My fox died last night. One of my foxes. I saw it lying in the middle of the road, tongue out, a bit of blood. I’m so sad. Okay, so I never got close enough to tell if it was a boy fox or girl fox. I mean, it never invited me over for tea or anything. But, still, we had a connection. I’d slowed my car to point it out to the kids on more than one occasion. I’d watched it look both ways before crossing the road, seen it disappear in the green space that surrounds us. And I felt that I was somehow a greener person, having witnessed this bit of wildness in suburbia.
I like watching nature from my car. In Houston, I watched a Nutria for about 15 minutes from the side of the road. I didn’t know what it was until weeks later (thanks, NG.) I just thought, “Wow, that’s the biggest rat-beaver I’ve ever seen.” I felt so educated when I heard they’d been making their way north from Mexico. Seeking asylum, perhaps, and finding, what?
We have a pet woodpecker we’re trying to tame. Our form of taming involves hammering boards over the holes it’s peppered us with, while verbally encouraging it to have a go at the neighbor’s house. Hey, nature’s great—when it stays in its place.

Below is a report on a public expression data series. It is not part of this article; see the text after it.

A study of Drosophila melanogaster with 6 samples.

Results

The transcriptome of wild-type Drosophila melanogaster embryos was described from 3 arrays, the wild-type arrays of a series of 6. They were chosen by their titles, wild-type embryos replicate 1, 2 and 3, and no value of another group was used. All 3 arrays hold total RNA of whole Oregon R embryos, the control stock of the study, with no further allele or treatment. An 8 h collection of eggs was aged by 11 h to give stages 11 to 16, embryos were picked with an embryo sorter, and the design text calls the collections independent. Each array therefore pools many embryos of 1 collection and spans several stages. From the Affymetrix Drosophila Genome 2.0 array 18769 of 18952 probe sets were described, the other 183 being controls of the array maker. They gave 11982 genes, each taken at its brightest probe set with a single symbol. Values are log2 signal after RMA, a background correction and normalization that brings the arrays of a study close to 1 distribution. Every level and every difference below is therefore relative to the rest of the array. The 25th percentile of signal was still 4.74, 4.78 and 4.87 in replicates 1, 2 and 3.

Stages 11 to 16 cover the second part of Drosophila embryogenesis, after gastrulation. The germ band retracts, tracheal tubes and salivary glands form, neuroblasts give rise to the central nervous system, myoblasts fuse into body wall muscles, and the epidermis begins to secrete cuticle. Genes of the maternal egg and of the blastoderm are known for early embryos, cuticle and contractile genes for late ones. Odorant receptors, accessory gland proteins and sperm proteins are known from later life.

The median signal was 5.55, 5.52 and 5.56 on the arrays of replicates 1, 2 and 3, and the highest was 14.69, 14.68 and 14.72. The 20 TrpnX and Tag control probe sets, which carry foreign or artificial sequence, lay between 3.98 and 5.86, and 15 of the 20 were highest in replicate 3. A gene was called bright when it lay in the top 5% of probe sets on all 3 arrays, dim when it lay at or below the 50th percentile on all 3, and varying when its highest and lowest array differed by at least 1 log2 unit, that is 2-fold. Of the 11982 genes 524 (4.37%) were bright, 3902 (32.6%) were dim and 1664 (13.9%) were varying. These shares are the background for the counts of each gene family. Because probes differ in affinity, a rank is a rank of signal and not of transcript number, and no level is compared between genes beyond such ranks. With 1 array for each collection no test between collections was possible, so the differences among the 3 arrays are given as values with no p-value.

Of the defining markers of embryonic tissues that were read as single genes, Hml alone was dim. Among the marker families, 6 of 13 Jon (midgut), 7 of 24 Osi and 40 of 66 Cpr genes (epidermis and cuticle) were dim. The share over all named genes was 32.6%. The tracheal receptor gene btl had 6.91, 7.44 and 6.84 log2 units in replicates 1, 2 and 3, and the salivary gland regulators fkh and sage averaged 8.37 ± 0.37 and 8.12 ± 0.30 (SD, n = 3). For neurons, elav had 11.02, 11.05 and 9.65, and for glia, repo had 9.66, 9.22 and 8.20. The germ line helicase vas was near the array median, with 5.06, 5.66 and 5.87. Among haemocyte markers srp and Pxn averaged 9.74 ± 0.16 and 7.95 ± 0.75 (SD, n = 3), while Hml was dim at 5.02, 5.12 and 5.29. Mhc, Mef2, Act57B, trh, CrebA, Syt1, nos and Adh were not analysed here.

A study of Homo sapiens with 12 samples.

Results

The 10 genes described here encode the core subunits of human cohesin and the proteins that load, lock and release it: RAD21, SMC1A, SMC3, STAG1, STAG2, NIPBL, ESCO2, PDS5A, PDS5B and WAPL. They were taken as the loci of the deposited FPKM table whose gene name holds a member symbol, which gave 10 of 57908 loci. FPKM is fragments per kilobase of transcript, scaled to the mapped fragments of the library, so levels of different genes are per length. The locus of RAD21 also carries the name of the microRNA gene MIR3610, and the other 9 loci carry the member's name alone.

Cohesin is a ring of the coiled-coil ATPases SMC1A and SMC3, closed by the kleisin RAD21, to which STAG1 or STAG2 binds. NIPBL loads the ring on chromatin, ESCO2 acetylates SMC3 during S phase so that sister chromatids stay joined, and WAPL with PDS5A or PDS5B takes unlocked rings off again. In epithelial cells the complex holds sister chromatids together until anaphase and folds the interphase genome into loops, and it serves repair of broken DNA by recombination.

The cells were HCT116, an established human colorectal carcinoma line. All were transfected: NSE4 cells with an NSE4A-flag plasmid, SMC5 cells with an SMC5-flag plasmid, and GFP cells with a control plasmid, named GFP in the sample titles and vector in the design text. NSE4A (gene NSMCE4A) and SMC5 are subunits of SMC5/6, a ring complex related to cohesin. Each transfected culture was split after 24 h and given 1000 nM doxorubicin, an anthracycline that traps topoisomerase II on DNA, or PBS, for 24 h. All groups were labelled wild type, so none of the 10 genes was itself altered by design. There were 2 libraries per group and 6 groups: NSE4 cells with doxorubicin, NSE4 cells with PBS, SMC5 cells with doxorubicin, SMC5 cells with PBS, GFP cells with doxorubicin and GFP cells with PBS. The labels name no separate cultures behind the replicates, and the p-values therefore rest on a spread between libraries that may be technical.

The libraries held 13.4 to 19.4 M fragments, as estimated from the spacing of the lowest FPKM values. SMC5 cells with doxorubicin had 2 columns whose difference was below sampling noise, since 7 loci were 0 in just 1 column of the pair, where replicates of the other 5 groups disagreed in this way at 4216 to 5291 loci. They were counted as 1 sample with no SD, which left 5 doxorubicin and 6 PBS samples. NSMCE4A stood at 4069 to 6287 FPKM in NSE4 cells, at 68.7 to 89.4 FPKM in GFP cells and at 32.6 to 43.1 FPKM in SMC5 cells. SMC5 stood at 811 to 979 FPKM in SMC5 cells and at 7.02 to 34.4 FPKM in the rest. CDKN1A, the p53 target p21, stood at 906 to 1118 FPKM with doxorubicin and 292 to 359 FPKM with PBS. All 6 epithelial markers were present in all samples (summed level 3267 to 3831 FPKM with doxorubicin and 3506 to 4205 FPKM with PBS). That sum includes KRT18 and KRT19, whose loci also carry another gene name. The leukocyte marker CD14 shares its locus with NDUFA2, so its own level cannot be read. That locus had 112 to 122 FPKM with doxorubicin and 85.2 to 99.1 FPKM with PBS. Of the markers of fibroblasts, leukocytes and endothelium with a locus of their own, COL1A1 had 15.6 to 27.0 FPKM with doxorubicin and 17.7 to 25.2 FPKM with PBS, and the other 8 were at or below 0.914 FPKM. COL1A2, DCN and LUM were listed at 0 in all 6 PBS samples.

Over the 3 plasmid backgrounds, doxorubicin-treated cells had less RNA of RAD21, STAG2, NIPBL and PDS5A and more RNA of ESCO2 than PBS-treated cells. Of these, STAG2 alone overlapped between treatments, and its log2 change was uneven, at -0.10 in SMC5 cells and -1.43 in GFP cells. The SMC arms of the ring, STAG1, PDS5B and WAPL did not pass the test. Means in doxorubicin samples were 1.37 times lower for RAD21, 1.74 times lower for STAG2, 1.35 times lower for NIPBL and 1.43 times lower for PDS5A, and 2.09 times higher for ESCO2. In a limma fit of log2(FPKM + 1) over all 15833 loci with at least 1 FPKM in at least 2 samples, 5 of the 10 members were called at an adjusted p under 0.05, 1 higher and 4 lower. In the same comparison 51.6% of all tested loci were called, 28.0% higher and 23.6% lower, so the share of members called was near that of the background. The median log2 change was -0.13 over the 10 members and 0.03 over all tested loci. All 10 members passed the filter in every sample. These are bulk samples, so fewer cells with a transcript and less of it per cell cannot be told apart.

And that’s the real problem, isn’t it? I’m all for creepy crawlies, as long as they don’t involve the word “roach” or “disease”. I stare for hours at spiders when I’m camping. In my living room, I try to capture them to release them outside. In my basement, I smash them. There’s something nightmarish about spider webs in basements. If they’d just stay in their own place…
Which is, if you look at it, right where I’m living. It’s where I had my house built, where my grocery store is, where the bike path around Alligator Pond took us when we lived in L.A. on the Swamp. And, no, I can’t live in harmony as much as I’d like. I get peeved when I have to clean up my trash because the foxes dumped it over. I get worried when I hear the tell-tale jackhammer sound of the woodpecker on my wall. I get absolutely violent when little rat poops show up in my pantry. We have boundaries, we suburbanites, and nature doesn’t seem to respect those the way I’d like.
But, still, I’m sad. My fox, the mate to the fox with black legs, got hit by a car, probably at night, probably by a car going a bit too fast. And, probably the driver felt bad. Maybe he even called the sanitation department to have the fox removed. Buried, or burned, or dumped. What do they do with the carcasses? Maybe I’ll have a private memorial. With the woodpecker.